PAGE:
It’s not the first time but it’s a far cry from the norm where an issuer attracts more than enough demand to allow a bond offering to be upsized.
On Thursday, IAMGOLD Corp. priced a US$400 million high yield offering of eight-year notes. When the roadshow started the goal was to raise US$500 million. The idea was for IAMGOLD to raise sufficient new capital to fund the redemption of its outstanding 6.75 per cent Senior Notes that were due in 2020. About US$489 million of bonds were set to be redeemed.
According to Harry Koza, Senior Market Analyst at IFR Markets Canada, IAMGOLD has joined a rather select group. Koza, who maintains an extensive database, said that since 2004, five issuers, the bulk of which were offering junk bonds or high yield securities, have received less cash than they intended.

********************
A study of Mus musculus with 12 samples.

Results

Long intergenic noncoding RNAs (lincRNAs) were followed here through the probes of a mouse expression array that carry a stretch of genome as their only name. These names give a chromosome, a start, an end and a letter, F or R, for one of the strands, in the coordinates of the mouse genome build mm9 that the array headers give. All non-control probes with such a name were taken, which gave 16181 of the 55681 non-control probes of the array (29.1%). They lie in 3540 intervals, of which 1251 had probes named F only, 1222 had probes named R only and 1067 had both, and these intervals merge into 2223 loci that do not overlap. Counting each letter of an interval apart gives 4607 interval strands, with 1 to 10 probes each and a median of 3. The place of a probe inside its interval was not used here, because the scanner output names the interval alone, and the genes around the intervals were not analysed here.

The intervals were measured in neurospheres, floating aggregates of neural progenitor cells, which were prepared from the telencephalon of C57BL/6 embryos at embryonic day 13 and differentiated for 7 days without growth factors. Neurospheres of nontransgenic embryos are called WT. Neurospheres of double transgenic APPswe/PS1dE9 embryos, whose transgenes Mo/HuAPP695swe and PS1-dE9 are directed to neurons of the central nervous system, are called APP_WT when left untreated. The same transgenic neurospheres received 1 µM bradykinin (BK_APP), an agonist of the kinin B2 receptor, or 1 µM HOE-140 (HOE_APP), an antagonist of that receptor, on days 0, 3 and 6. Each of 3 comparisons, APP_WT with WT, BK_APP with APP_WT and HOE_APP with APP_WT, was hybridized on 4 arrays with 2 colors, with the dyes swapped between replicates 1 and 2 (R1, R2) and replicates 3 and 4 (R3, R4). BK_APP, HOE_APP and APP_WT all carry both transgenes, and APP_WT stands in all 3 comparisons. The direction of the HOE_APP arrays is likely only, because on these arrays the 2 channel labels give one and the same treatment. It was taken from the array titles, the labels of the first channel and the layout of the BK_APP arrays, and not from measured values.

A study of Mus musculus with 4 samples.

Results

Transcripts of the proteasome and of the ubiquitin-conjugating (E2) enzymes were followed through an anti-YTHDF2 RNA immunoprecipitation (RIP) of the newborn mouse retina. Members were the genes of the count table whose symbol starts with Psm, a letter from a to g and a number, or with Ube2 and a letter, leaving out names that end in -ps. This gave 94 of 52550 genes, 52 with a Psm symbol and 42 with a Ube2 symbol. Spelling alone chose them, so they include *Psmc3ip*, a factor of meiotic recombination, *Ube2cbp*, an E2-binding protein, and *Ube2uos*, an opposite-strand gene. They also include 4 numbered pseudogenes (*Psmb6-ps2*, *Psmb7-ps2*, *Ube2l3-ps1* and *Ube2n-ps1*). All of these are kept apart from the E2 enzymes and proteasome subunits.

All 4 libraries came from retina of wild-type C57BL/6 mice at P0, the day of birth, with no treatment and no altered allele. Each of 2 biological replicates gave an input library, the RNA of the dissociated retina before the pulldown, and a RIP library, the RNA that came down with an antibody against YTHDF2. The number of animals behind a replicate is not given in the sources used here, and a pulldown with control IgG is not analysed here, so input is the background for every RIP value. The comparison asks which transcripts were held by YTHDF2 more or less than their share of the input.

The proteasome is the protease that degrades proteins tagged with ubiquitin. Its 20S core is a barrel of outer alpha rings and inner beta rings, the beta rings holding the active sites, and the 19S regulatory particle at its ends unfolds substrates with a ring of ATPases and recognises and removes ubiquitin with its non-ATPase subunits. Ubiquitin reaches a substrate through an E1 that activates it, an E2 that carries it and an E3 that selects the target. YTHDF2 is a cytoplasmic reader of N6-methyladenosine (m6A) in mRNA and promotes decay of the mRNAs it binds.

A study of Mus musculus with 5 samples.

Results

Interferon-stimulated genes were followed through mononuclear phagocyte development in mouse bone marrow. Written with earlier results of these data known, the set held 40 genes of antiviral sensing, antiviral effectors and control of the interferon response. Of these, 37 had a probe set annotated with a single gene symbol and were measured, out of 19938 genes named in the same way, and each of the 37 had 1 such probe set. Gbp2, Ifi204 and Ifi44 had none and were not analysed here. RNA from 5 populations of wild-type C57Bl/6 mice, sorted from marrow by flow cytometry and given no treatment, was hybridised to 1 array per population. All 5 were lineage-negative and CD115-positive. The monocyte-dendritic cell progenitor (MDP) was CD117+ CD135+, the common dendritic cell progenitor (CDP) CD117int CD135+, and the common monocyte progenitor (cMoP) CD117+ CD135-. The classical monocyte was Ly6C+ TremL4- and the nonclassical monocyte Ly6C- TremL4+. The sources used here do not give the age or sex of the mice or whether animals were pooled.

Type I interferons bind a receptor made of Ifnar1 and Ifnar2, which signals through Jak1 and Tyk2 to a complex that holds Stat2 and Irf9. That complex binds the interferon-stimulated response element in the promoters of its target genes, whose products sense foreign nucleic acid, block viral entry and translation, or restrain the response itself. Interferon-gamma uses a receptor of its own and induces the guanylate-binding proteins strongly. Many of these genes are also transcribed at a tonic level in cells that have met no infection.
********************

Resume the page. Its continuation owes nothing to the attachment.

The four high yield borrowers are: Telesat Canada (which in November 2016 received US$500 million vs. a planned US$750 million); Sunshine Oilsands (which in June 2014 ended up with US$200 million compared with an anticipated US$325 million); Canwest (which raised US$400 million vs. a planned US$650 million in June 2007) and Hudson Bay Mining and Smelting (whose 2004 ambitions to raise US$200 million ended up at US$175 million.) Among investment grade borrowers, Peel region stands alone: in 2010, it sought $390 million and closed on $300 million.)
It’s worth noting that on the same day that IAMGOLD cut the size of its offering, another high yield issuer Valeant Inc. had a different outcome: instead of raising US$2.5 billion the company ended up with US$3.25 billion.